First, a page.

Give South Dakota Republicans credit. They seem to be doing much better among the state’s youngest voters than Democrats are. That’s shown month after month in the voter registration numbers, with independents and Republicans increasing at a much, much faster rate than Democrats. Where it’s showing up as well this fall is the public opinion surveys on the major statewide election races.
Consider these results from the Survey South Dakota results released in the past week by the Aberdeen American News, KOTA TV in Rapid City and KSFY TV in Sioux Falls:
For governor, Republican incumbent Dennis Daugaard led Democratic challenger Susan Wismer 59 percent to 30 percent, with independent Michael Myers at 7 percent and just 5 percent remaining undecided. Inside those numbers are patterns by age group. Daugaard had support from 68 percent — that’s not a misprint — of the 18 to 34 year olds in the polling sample while Wismer had 18 percent. In the 35-49 group, the results were Daugaard 56 percent Wismer 29 percent. Among those 50 to 64 years old, Daugaard led Wismer 55 percent to 34. And the 65-plus group broke 59 percent for Daugaard and 34 percent for Wismer. Daugaard is 61 years old. Wismer is 58.
For U.S. Senate the Republican candidate, former Gov. Mike Rounds, led in three of the four age groups. This is a four-candidate contest. Independent Larry Pressler, who held the U.S. Senate seat from 1979 through 1996 when he lost to Democrat Tim Johnson, was second in two of the age groups in the poll and led among the 50-to-64 year olds. Democratic candidate Rick Weiland didn’t lead in any groups. However, they were closely bunched, so perhaps too much shouldn’t be made of each candidate’s share. But again, the overall pattern wasn’t promising for Democrats.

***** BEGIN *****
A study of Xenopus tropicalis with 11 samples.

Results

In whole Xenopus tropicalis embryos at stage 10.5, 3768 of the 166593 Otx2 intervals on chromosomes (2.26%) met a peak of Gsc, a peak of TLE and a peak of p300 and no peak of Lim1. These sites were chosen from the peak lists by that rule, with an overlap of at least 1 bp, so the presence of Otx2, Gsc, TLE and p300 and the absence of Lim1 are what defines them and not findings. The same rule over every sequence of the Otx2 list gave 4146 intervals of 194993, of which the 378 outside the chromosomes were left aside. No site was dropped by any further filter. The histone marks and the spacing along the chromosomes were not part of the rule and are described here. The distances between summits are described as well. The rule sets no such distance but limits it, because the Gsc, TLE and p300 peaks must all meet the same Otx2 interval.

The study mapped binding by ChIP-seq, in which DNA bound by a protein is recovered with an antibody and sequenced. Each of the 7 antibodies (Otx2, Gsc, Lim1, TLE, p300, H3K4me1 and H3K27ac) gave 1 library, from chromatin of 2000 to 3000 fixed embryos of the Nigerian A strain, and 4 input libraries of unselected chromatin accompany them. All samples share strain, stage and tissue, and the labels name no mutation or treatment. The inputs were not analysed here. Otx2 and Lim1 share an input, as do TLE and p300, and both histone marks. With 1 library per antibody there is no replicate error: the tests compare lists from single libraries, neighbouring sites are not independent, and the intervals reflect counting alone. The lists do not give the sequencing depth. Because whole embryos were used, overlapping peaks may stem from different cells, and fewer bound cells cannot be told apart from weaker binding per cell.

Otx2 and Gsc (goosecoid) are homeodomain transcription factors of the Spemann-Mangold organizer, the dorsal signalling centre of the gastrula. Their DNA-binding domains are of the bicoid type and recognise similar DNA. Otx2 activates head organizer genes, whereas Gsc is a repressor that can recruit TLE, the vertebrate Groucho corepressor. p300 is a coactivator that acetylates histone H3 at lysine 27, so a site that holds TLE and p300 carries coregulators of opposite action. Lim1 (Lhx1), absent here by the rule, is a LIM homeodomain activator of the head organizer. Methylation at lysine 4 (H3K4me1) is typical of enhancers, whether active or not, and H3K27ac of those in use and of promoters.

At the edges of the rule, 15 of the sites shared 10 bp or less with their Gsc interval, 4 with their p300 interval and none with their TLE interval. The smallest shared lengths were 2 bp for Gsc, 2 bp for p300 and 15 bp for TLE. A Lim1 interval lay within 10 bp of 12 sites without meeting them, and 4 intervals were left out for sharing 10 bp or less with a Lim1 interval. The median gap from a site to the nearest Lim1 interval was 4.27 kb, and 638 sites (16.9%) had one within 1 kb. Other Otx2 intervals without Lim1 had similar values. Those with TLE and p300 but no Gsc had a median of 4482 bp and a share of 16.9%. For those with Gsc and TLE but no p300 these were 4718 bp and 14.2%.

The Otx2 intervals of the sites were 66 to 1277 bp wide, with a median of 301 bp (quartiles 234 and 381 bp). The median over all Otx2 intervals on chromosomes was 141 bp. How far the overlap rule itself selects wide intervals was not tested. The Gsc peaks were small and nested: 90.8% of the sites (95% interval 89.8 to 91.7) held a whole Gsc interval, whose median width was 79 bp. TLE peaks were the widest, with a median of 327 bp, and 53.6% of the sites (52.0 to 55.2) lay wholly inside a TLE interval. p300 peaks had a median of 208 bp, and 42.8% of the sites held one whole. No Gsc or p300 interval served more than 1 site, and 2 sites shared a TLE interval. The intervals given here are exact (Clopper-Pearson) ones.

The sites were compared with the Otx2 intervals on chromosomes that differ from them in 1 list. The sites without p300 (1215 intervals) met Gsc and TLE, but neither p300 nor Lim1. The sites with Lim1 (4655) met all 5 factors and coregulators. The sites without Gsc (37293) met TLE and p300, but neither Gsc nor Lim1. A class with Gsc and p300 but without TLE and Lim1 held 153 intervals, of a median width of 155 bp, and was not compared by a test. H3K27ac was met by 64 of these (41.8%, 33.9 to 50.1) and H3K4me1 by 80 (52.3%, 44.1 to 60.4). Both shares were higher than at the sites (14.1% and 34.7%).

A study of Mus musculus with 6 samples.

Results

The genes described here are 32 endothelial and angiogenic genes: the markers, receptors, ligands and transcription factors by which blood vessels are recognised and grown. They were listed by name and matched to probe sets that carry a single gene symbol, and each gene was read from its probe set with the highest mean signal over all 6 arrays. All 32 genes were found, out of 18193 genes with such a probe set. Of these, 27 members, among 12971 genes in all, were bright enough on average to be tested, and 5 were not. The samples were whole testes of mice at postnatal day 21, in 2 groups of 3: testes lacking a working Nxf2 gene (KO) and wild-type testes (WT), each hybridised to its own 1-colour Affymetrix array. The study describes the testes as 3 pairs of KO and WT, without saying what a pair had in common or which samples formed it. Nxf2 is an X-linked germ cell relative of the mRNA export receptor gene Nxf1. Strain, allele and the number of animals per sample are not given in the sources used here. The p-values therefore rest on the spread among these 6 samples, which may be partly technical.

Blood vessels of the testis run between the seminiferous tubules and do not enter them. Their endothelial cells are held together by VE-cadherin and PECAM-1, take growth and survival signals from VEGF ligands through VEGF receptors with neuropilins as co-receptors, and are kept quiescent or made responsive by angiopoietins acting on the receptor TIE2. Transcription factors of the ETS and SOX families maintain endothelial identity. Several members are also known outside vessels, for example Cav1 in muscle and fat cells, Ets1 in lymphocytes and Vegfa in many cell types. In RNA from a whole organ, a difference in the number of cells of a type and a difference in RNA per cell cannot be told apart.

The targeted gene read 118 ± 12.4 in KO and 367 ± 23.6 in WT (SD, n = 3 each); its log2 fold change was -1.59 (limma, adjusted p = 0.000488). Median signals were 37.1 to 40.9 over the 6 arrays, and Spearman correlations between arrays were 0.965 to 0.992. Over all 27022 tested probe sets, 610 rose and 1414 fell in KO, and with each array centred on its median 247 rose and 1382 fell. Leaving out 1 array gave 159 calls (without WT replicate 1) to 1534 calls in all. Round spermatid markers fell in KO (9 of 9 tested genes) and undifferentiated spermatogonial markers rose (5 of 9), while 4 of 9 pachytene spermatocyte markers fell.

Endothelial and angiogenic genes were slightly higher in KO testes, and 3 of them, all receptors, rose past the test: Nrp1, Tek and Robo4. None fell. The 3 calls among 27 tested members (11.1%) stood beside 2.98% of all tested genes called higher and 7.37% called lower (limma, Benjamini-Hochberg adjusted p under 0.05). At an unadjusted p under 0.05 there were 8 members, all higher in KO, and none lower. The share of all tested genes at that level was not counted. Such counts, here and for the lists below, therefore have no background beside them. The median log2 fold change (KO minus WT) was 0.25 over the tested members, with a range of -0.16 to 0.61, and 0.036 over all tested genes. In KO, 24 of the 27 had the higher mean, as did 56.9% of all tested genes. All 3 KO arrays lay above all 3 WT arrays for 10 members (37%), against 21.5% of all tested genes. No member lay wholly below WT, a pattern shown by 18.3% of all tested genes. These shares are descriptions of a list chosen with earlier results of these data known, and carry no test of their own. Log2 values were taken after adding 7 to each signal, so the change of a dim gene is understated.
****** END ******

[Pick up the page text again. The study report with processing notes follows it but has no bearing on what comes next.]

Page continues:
Among 18-to-34s, the results were Rounds 39 percent, Pressler 28 percent, Weiland 25 percent, independent Gordon Howie (a former Republican legislator) 6 percent and undecided 1 percent. (Who says younger voters can’t make up their minds?)
Among 35-to-49s, Rounds had 37 percent, Weiland 29 percent, Pressler 27 percent, Howie 5 percent and undecided 2 percent.
Among 50-to-64s, Pressler led with 37 percent, followed by Weiland at 30 percent and Rounds at 29 percent, with Howie at 2 percent and undecided 2 percent.
Among the 65-plus group, Rounds had 37 percent, Pressler 32 percent, Weiland 27 percent, Howie 1 percent and undecided 2 percent.
The U.S. House contest again has the Republican incumbent, Kristi Noem, strongest among the youngest voters and Democratic challenger Corinna Robinson weakest there. Overall Noem led 55 percent to 37 percent for Robinson.
Among the 18-to-34s, Noem led 59-28. Among 35-to-49s, Noem led 56-35. Among 50-to-64s, Noem led 51-44. And among 65-plus voters, Noem led 57-38.